Backdropped by the Earth's oceans, the Space Shuttle Endeavour's Canadarm, controlled by Canadian astronaut Julie Payette, is about to hand off the Integrated Cargo Carrier (ICC) to the International Space Station (out of frame) on Sunday July 19, 2009.


As the heads of major space agencies gather in this country to discuss the future of the International Space Station, Canada has finally committed itself to remaining involved in the orbiting lab beyond 2015.

Industry Minister Christian Paradis made the announcement Wednesday, with the station's five international partners getting set to discuss the future of the ISS at a group meeting in Quebec City.

The heads of the space agencies will discuss Thursday co-operation in space exploration, the maintenance of the space station, and its potential benefits for humanity.


Before the announcement, some industry players had been concerned that, unlike its partners, Canada had not signed on for the period until 2020, the end of the current projected lifespan of the station.

"Not having committed to being on the space station for another five years certainly makes our partners wonder whether we will continue to be part of space at all," Iain Christie, president of the Neptec Design Group, had said in an interview beforehand.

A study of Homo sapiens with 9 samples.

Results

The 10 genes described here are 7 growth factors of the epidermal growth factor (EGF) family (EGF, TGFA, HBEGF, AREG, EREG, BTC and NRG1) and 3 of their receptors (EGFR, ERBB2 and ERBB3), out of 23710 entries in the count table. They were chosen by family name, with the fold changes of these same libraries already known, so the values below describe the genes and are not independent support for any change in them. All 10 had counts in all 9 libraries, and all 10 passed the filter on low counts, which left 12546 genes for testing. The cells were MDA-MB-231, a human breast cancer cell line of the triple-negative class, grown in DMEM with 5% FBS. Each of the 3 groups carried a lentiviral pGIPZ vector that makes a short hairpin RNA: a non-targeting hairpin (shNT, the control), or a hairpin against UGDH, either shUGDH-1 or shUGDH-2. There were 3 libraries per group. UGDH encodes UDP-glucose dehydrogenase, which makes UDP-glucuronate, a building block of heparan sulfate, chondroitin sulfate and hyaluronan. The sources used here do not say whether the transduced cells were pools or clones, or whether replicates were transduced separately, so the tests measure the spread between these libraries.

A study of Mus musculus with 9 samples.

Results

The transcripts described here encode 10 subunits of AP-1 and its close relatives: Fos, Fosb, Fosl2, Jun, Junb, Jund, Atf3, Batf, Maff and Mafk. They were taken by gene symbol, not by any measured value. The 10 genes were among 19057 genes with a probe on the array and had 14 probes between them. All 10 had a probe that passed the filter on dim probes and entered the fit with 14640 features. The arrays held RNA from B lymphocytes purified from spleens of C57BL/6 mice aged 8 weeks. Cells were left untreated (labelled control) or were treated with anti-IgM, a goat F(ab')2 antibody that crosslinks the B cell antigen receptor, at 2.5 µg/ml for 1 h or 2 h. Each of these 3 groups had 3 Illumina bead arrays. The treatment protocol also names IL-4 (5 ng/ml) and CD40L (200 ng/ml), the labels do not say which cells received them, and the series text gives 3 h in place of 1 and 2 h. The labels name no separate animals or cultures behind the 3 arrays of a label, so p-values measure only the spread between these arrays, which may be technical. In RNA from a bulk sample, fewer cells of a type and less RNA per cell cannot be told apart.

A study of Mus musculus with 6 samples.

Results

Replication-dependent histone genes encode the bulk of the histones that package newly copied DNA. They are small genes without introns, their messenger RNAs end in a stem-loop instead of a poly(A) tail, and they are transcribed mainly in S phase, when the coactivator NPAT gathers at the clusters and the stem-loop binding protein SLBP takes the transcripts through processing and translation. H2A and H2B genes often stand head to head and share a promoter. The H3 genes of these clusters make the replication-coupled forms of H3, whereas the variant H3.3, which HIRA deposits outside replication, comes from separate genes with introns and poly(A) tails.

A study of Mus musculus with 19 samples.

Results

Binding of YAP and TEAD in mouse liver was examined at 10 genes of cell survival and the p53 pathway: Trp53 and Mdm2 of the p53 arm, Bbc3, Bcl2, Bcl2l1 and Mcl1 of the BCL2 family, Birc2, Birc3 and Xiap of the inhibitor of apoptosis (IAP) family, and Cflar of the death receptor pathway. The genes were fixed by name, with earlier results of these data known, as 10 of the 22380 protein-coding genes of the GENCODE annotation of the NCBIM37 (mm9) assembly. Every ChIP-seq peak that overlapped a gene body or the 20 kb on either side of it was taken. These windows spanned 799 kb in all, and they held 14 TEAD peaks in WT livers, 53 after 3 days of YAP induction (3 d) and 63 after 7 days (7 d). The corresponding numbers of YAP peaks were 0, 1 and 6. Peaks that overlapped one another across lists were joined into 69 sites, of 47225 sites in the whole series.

"Europeans, Japanese, Americans, everybody else who is part of the space station has said they have renewed their commitments; Canada has not."

Ottawa-based Neptec made the laser-camera system that was used to inspect for damage on the exterior of the recently retired U.S. space shuttles.

Given that a number of industry projects are supported by the Canadian Space Agency's $424.6-million current annual budget, its upcoming decisions carry deep financial implications for space-sector players, like Neptec. The agency, like other federal bodies, is preparing for major budget cuts this year.

Mr. Christie said that while the space agency might have felt there was no rush, people were starting to wonder why the Canadian government was dragging its heels.


Member states of the European Space Agency, after some debate, agreed a year ago, in March 2011, to endorse continued support and financial assistance of the space station until 2020.

Chuck Black, the treasurer of the Canadian Space Commerce Association, had said questions were being raised about why Canada had not signed on until the end of the decade.

"It is going to hold up some of our Canadian advancements, it's going to hold up some of our Canadian science experiments," he said in an earlier interview.

"There's an urgency, especially among businesses which deal in quarterly results and because of that I would really hope things would go faster."

Mr. Black suggested the CSA may have been trying to renegotiate its agreement to get more Canadian astronauts up to the station.


"I don't think it's reasonable to assume that ... the Canadian Space Agency aren't going to try to renegotiate the agreement so they can get one or two more astronauts up there between now and 2020," Mr. Black said before the announcement.

Mr. Black, who is also a space blogger, is keeping an eye on the upcoming federal budget which is expected to have an impact on spending by all departments. Bureaucrats in every department have been asked to prepare for scenarios under which their budgets would be cut either five or 10 per cent.

"My understanding is that some departments, including the Canadian Space Agency, are going to be cut back (and) there might be concerns there," Mr. Black said.